What do people do with these when a website becomes compromised and they need ot change their password?
they can use a suffix or prefix in the site name, eg;, twitter.com, twitter.com:1, twitter.com:2 …
Sounds like state, to me!
oneshallpass is the best implemention of this idea I’ve seen, so far. Yes, there’s state involved, but that state keeps track of options, and requirements for the site, only.
I think there’s an opportunity for the password requirements part to be put in a block chain of sorts and shared publicly. Then, the only state you’d need to store would be the generation, and the strength params of your generated password. It’d be pretty easy to encrypt this state with a key derived from the master password and add it to Dropbox so it’s readily available.
Of course, that leaves master password rotation, which, if you want something that supports that, you’re best bet is probably to use the master password to encrypt your state file, which has some strong pregenerated entropy that is actually used for your generating your passwords.
The state file has the potential to leak sites you have accounts on (since you need to store the generation with an identifier of some sort), but it’s unlikely to matter as you only need to store the generation after a site has been compromised (public information, usually), and if they get access to your encrypted state file, they’d have access to entropy your passwords are based on, or in the case that you don’t require master password rotation, the password that derived the key to open the prefs file (e.g. your master password).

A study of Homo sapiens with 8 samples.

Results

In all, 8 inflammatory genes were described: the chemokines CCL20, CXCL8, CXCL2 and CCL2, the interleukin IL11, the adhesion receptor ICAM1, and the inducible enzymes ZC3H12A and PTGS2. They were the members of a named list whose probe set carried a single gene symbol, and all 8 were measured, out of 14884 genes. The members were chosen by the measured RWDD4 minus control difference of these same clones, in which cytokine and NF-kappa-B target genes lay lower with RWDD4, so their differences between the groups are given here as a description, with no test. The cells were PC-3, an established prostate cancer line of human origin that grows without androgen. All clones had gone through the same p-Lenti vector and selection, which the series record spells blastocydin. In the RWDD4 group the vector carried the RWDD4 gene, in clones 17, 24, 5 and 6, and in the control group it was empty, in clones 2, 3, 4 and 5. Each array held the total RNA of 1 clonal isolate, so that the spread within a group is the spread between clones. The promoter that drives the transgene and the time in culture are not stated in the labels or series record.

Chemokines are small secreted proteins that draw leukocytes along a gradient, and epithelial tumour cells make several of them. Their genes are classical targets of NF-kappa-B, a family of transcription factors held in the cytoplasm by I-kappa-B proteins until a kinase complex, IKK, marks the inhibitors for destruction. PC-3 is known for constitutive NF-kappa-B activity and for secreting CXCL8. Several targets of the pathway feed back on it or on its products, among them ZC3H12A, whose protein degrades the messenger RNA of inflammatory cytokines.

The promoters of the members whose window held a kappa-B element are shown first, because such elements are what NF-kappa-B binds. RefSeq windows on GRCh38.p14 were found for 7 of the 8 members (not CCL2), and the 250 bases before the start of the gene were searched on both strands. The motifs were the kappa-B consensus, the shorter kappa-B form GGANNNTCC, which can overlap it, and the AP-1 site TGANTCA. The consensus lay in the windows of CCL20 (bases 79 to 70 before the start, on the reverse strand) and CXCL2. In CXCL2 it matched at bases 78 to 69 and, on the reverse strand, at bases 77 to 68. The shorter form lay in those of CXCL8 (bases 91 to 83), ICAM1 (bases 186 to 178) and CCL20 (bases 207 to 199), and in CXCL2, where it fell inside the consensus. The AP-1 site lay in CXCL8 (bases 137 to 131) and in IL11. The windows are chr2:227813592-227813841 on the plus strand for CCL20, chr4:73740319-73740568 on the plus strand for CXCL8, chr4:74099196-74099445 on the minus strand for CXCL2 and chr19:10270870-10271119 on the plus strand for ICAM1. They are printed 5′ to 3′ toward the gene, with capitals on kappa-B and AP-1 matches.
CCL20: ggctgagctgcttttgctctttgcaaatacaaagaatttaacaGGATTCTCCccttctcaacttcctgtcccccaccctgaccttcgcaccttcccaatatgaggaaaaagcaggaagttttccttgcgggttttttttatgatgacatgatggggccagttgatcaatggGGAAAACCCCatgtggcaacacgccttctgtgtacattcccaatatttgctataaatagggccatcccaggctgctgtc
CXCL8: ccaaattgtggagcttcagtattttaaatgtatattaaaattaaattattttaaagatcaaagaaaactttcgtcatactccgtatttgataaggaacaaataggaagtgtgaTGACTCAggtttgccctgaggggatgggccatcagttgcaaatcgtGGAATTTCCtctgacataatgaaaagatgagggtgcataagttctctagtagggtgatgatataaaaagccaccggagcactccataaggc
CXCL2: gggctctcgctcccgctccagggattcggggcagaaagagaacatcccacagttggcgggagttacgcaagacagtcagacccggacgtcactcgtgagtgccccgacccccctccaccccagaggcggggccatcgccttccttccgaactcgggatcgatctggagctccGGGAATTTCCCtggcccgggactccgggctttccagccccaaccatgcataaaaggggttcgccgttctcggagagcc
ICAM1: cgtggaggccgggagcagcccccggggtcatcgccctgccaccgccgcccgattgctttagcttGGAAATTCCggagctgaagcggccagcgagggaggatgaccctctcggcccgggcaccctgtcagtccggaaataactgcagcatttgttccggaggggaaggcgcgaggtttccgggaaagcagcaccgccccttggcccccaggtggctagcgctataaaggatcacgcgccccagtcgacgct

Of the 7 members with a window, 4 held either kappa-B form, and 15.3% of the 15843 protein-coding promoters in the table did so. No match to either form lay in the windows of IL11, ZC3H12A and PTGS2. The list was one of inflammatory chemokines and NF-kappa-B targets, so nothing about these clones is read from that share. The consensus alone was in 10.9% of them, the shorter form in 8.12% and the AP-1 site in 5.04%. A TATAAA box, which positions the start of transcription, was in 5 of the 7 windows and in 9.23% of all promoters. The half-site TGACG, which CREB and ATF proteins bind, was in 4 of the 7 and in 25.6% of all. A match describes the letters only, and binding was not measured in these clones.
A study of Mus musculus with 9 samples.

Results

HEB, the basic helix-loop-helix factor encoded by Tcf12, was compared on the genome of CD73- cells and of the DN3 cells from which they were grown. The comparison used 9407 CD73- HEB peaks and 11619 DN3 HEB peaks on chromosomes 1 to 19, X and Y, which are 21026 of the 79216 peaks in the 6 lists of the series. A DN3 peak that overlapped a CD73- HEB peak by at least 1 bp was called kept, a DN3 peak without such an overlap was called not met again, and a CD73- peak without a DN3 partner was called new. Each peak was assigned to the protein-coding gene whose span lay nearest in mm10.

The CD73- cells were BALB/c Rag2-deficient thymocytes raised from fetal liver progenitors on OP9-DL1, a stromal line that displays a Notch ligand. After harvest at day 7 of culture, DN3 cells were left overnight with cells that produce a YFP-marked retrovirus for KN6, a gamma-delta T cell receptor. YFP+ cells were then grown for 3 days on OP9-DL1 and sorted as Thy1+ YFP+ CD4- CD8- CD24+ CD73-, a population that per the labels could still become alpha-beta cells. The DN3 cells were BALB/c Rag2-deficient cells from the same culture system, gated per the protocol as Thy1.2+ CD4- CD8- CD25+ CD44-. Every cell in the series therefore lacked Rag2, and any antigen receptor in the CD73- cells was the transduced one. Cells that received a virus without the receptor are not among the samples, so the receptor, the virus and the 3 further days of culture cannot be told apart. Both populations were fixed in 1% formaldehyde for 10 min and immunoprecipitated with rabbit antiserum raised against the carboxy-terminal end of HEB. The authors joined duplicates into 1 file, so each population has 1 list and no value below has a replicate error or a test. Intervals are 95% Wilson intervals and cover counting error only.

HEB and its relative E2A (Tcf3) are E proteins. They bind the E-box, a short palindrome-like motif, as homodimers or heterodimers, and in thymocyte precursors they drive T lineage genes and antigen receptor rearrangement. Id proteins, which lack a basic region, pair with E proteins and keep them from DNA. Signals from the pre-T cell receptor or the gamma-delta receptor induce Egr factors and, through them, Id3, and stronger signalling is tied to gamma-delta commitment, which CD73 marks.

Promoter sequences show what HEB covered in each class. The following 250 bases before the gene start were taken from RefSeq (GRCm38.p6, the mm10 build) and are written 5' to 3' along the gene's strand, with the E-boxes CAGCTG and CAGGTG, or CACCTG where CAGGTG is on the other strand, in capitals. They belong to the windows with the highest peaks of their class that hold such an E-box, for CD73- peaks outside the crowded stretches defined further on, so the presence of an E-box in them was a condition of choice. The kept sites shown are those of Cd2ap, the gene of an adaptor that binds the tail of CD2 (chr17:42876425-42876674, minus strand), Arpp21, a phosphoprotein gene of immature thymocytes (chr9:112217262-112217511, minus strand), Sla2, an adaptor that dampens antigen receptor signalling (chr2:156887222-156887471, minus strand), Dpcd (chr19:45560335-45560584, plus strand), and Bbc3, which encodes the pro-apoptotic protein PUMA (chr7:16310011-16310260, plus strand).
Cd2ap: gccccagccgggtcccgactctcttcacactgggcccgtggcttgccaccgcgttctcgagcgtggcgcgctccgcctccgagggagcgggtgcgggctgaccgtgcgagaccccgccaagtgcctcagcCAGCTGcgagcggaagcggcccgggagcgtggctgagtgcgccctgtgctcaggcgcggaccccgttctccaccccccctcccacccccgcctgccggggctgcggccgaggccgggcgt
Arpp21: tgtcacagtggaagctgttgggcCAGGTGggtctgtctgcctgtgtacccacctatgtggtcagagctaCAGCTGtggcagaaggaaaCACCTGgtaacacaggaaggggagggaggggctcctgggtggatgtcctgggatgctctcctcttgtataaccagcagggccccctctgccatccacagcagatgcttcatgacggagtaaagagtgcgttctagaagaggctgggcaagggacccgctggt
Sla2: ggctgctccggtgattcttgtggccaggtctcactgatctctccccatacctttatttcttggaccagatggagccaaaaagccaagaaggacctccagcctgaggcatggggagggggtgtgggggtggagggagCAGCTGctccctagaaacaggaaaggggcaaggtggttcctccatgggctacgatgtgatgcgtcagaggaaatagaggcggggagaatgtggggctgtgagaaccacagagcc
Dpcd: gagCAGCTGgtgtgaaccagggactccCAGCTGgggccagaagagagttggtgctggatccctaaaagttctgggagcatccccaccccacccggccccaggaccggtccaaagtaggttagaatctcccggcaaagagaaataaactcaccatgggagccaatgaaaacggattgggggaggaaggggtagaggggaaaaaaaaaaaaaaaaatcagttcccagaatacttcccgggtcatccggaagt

So, stateless as a goal seems great, but totally impractical, from my perspective.
How much would be lost in maintaining an unencrypted, publicely available, file that mapes twitter.com -> twitter.com:1 or similar? So the “name” you’ve given a website is publicly available people probably already know (or have a good idea) you’re using the domain name previously anyways, so perhaps not much is lost?
To me, all of this seems very similar to why I’m iffy on biometrics. I cannot change my fingerprints either so what happens when that technology gets compromised in some way? What are your thoughts on that?
As with many systems involving keys, the more secret the keys, the better. If I know one input to the alogrithm, thats one less barrier to figuring out the password for the site. It’d still be very difficult, mind you.
This is different, imho, than biometrics, simply because twitter.com:1 is a convention. So long as the hash functions are not broken, and remain impossible to reverse at a cost that is worth the trouble, you can just evolve the twitter.com:1 to twitter.com:[32bit random] whenever twitter gets hacked, or you want to rotate your password. And, ultimately you have a failsafe–reset your passwords by changing your master key, or move on to a system with a different algorithm.
edit forgot that angle brackets dont display.
Slightly off topic, I’m not super interested in genpass (sorry), but I really like the layout of your blog.